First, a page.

The independent newspaper of the University of Iowa community since 1868

The Daily Iowan

The independent newspaper of the University of Iowa community since 1868

The Daily Iowan

The independent newspaper of the University of Iowa community since 1868

The Daily Iowan

The Roast of Iowa City proves IC, ‘Greatest Small City for the Arts’ doesn’t take itself too seriously

The Roast of Iowa City, hosted by Little Village Magazine, brought local comics together on Sunday to poke fun at the less-than-perfect side of Iowa City.
Jordan Barry
The Roast of Iowa City was hosted by The Little Village Magazine at ReUnion Brewery in Iowa City on Sunday Oct. 8, 2023.

An entry in the Iowa City Police Log social media page portrays the city in a nutshell: “White male in Hawkeye shirt, white shorts, vomiting on church.” 

It was one of many entries, which are real from Iowa City police’s activity log, read on Sunday at the Roast of Iowa City. Hosted by Little Village Magazine, the comedy event proved the “Greatest Small City for the Arts” doesn’t take itself too seriously.

Early in the show’s lineup, local comics Spencer Loucks and Gerald Bronson took the stage. The duo parodied the format of NBC’s Saturday Night Live segment, “Weekend Update,” under the name “Shmuckdate” and riffed on local news, such as Iowa City’s first Get Outside! festival held in City Park. 

“This was different than the ‘Get Out!’ festival that the University of Iowa throws whenever they buy more property,” the duo riffed.

The Iowa City Department of Transportation’s move to Coralville concerned local residents, and “Shmuckdate” reported it was especially concerning to “people who wanted to renew their license and buy magic crystals at the same time.”

A fire recently broke out in a homeless encampment, and “Shmuckdate” joked that “the ICPD condemned the fire, saying ‘destroying the personal possessions and causing harm to displaced people is our job!’”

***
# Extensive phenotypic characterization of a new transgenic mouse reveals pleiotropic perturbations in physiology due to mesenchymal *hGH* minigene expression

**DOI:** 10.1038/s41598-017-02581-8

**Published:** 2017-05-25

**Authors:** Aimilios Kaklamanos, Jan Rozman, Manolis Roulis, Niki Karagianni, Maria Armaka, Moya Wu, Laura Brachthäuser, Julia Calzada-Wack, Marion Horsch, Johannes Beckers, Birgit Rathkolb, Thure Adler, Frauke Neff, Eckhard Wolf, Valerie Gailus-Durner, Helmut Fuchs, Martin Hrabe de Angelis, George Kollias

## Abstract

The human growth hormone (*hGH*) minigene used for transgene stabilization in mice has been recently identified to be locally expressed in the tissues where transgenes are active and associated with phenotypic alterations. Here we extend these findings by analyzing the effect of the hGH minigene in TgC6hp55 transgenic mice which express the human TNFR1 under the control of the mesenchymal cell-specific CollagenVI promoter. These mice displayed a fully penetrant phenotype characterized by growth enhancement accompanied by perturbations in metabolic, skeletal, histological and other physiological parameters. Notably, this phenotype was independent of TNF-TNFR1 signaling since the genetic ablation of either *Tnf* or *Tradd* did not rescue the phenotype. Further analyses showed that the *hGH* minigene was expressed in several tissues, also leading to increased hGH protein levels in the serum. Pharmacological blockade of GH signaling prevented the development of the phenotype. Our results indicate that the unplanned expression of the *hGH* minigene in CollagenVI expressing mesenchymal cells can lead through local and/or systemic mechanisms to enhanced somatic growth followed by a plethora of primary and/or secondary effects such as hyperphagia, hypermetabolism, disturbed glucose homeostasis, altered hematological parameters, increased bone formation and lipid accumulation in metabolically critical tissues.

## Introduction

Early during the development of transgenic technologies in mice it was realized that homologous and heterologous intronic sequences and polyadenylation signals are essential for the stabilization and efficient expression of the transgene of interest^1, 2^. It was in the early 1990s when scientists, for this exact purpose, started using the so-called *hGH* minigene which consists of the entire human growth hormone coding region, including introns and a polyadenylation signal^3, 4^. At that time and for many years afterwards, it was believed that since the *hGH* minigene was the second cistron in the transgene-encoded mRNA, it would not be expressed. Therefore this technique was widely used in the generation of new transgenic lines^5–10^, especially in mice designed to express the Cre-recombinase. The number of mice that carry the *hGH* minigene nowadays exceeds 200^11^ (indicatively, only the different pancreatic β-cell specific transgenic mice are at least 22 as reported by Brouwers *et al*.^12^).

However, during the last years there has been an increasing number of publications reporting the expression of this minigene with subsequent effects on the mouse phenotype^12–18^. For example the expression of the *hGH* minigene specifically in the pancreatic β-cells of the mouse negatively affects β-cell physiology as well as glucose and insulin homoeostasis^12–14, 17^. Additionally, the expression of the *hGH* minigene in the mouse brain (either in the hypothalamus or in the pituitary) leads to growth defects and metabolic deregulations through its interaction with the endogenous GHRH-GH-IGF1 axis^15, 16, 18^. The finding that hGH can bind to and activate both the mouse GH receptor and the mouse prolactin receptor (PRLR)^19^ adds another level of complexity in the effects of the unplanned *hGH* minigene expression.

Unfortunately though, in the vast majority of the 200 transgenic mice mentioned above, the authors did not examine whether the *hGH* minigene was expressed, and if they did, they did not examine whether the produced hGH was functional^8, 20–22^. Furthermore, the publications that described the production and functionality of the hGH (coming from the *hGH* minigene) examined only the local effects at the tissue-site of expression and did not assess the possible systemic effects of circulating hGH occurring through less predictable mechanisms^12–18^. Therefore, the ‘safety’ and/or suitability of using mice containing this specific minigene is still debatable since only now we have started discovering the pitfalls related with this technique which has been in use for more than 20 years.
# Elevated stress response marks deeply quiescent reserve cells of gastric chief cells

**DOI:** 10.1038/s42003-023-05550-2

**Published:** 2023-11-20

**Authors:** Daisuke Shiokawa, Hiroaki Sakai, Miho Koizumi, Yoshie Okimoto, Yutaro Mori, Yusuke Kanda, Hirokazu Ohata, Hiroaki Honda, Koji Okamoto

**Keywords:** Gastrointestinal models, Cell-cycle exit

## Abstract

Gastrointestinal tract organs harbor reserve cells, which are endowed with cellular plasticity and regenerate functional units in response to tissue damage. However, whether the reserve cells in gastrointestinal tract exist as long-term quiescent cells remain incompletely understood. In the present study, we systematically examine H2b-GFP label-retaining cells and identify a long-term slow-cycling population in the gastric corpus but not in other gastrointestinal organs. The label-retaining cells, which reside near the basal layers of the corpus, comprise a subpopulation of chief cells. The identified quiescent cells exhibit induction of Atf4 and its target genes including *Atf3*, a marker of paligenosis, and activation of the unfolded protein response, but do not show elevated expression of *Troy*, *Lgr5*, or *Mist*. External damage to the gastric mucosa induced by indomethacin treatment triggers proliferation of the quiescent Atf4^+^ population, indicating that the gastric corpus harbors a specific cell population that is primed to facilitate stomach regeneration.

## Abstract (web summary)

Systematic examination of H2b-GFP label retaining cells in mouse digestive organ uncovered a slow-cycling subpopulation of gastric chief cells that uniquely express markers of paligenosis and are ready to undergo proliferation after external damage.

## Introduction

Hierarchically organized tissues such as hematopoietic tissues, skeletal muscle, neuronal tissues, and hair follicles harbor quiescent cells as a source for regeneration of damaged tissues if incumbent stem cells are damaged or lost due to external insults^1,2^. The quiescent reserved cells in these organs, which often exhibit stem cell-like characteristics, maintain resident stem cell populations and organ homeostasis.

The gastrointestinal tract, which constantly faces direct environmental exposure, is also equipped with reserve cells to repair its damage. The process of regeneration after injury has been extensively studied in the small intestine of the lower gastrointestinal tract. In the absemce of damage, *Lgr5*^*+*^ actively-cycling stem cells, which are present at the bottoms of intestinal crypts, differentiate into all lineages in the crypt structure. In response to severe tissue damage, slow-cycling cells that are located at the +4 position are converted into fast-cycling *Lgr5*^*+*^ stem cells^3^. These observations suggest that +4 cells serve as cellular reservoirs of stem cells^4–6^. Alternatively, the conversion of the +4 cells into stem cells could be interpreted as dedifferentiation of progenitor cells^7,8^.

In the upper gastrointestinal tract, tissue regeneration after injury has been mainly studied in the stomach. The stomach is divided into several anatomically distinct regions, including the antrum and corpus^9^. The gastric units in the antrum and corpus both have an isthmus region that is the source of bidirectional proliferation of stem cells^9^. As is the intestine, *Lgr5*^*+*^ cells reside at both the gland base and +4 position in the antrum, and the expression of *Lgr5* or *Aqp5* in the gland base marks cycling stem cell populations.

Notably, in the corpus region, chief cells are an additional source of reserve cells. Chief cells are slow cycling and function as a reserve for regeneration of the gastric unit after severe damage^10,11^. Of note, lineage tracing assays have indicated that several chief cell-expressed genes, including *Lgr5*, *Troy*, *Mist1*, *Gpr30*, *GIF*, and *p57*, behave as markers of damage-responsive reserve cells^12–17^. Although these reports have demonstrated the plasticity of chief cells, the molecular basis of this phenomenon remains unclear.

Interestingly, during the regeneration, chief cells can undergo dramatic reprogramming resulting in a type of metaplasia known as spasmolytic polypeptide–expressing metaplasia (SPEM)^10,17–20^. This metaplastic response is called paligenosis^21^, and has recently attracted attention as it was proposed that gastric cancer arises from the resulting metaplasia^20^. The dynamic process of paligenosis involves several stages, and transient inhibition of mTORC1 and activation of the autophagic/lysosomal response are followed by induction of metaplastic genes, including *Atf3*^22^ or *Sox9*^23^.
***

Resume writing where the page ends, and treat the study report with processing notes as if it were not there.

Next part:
Local comic and events manager at Joystick Comedy & Arcade, Travis Coltrain, commented on the strange dichotomy of a wholesome city of the arts as a dually insane party town. 

“One time I was walking down by College Green and I literally saw kids playing hopscotch over passed-out drunk dudes,” Coltrain riffed. 

The dichotomy spread to local politics. Coltrain noted how many of Iowa City’s liberal and Republican citizens frequent the Jobsite Bar on Maiden Lane.

“I love the Jobsite because you can go there and have the most liberal, nonbinary person talking football with some dude who definitely voted for Trump three years in a row,” Coltrain joked.

Although Iowa City is a college town that welcomes incoming first-years and bids farewell to departing graduates every year, some people have a harder time leaving the city.

“Does anyone know how to leave?” asked Iowa City writer Lauren Haldeman during her set. “I know there’s an interstate. I always get to it. Every time I’m on the interstate leaving Iowa City, I blink and I’m down Burlington Street.”

Haldeman explained that she had moved to Iowa City in 1997 to pursue her undergraduate degree at the University of Iowa and then the Iowa Writers’ Workshop for her graduate degree. She is the author of several books, including “Instead of Dying,” a poetry collection that won the Colorado Prize for Poetry in 2017.

“Living here, I go through cycles where I just hate it,” Haldeman said in a post-show interview with The Daily Iowan. “I really do just hate it. I can’t believe I’m still here. I don’t understand how to get out.”

Haldeman began her comedy career after finding that she enjoyed interacting with audiences during her book tours and enjoyed making others laugh through her comic, “Boymom, as seen on her Instagram, and the monthly edition of The Little Village. 

During the beginning of her journey as a comic, a friend told her about a new improv conservatory with the local Willow Creek Theatre Company. She took some classes and later joined the improv group Lady Franklyn, one of the first professional improv groups in Iowa City.

“I feel like Iowa City is almost like this intelligent entity that is keeping me and other people, and it just creates new opportunities and reasons to stay,” Haldeman said, despite sharing a different sentiment during her sets.

Regardless of the insulting nature of the roast, audience members remain endeared by the city they call home.

“We like making fun of Iowa City because it’s such an easy place to make fun of,” said attendee Jan Stephan, who has lived in Iowa City for 20 years, but that “you can only [roast it] if you live here.”

Lily Czechowicz
Lily Czechowicz, Arts Reporter
Lily Czechowicz is a recent graduate of the University of Iowa from which she earned a degree in English & Creative Writing.